BY Sara Barker - sbarker@chronicle-tribune.com

What’s five feet tall and smells like a dead animal? The titan lily, of course.

The plant, nicknamed the corpse flower for its unique stench, is blooming for the first time in about six years at Taylor University’s greenhouse.

The rare plant is native to Sumatra and was brought to Taylor around 2001, greenhouse manager and professor Elizabeth Hasenmyer.

The plant, which towers above the others in the greenhouse, smells terrible for a reason – in Sumatra, pollinators’ diets include rotting animals, so the flower emits the same scent to attract flies.

It smells so bad, in fact, a custodian let faculty know they thought something had crawled inside the greenhouse and died.

The titan lily also raises its temperature to 98 degrees to further emulate a freshly dead piece of meat, something Hasenmyer said is unique to a handful of plants and could be studied in one of Taylor’s biology or horticulture classes.

Visitors, including Taylor faculty, students and community members, looked at the plant Wednesday near the end of its life when the bloom began to close. The bloom only stays for about 24-36 hours, so there was a narrow window for visitors to see the full lily.

“It makes me really happy that a plant is bringing the community together,” Hasenmyer said.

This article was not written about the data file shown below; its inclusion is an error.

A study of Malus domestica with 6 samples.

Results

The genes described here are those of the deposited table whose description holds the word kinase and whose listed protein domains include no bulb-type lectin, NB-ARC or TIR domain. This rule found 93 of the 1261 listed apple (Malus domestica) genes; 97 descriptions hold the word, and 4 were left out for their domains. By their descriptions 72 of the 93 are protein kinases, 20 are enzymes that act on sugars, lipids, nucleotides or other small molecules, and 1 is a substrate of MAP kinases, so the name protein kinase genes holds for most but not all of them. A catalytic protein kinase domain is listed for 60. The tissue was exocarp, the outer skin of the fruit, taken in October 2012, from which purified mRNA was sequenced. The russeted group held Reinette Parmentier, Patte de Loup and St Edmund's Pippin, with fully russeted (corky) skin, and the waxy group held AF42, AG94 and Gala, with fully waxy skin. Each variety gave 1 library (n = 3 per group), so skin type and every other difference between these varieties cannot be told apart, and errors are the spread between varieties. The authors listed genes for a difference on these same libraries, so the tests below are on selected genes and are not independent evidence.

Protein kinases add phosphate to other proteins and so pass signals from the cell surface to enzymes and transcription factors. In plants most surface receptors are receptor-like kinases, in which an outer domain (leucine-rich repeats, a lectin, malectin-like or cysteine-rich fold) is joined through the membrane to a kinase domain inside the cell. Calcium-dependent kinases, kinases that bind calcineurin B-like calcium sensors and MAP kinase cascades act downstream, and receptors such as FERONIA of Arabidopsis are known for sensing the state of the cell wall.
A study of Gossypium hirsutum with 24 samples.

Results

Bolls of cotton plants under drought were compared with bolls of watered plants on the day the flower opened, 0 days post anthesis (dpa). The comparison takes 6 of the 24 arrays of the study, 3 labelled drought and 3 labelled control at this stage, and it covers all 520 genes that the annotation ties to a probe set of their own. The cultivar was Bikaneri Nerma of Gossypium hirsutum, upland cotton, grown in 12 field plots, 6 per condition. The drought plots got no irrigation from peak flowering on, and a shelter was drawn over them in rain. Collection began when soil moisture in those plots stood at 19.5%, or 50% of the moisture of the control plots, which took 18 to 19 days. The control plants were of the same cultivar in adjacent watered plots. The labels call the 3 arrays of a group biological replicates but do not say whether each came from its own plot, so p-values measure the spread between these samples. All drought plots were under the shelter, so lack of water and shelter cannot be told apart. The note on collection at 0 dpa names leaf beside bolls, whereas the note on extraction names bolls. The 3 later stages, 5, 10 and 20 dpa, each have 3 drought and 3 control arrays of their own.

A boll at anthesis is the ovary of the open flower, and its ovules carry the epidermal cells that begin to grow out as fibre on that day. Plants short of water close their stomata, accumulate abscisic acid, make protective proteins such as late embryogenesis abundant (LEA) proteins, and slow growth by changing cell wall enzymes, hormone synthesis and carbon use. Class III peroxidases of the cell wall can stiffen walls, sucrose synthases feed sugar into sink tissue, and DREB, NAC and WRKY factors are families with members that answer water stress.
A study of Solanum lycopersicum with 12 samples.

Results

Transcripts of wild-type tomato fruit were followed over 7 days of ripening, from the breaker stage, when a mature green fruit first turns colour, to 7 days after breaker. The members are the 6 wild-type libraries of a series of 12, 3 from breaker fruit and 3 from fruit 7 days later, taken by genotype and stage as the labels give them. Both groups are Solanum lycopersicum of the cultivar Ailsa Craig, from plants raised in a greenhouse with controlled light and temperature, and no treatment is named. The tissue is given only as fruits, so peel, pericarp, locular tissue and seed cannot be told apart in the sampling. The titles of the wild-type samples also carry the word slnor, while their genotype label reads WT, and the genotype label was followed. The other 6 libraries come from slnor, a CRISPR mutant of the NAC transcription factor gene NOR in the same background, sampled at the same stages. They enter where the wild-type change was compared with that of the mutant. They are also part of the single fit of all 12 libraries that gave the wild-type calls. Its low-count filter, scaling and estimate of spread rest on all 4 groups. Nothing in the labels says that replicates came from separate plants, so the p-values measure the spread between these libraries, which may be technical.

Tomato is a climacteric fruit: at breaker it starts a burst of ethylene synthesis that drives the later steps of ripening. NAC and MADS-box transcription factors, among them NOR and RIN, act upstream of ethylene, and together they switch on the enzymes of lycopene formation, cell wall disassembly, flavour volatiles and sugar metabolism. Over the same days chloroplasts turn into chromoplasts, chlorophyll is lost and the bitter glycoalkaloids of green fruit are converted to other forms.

Those who see the plant in full bloom are in awe of its odd shape and life cycle, Jim Garringer, director of media relations at Taylor, said after viewing the titan lily Wednesday.

“There was just a sense of wonder,” Garringer said.

Hasenmyer said the visitors thought the plant was fit to be in a science fiction movie.

“It really does look like an alien,” Hasenmyer said.

The plant has previously bloomed twice before since Hasenmyer has been at Taylor: once in 2011 and again in 2012. However, she was on sabbatical and maternity leave for both times, so this is the first time she has seen it bloom.

“I actually thought it was going to be next year,” Hasenmyer said.

The titan lily isn’t the only plant not native to Indiana in the greenhouse. Orchids comprise the bulk of the collection, and species of small trees from Africa and desert rose are also on display.

In the future, Hasenmyer is hoping to create a class for non-biology majors at Taylor centered around the greenhouse to gain horticultural knowledge that will help students be better citizens.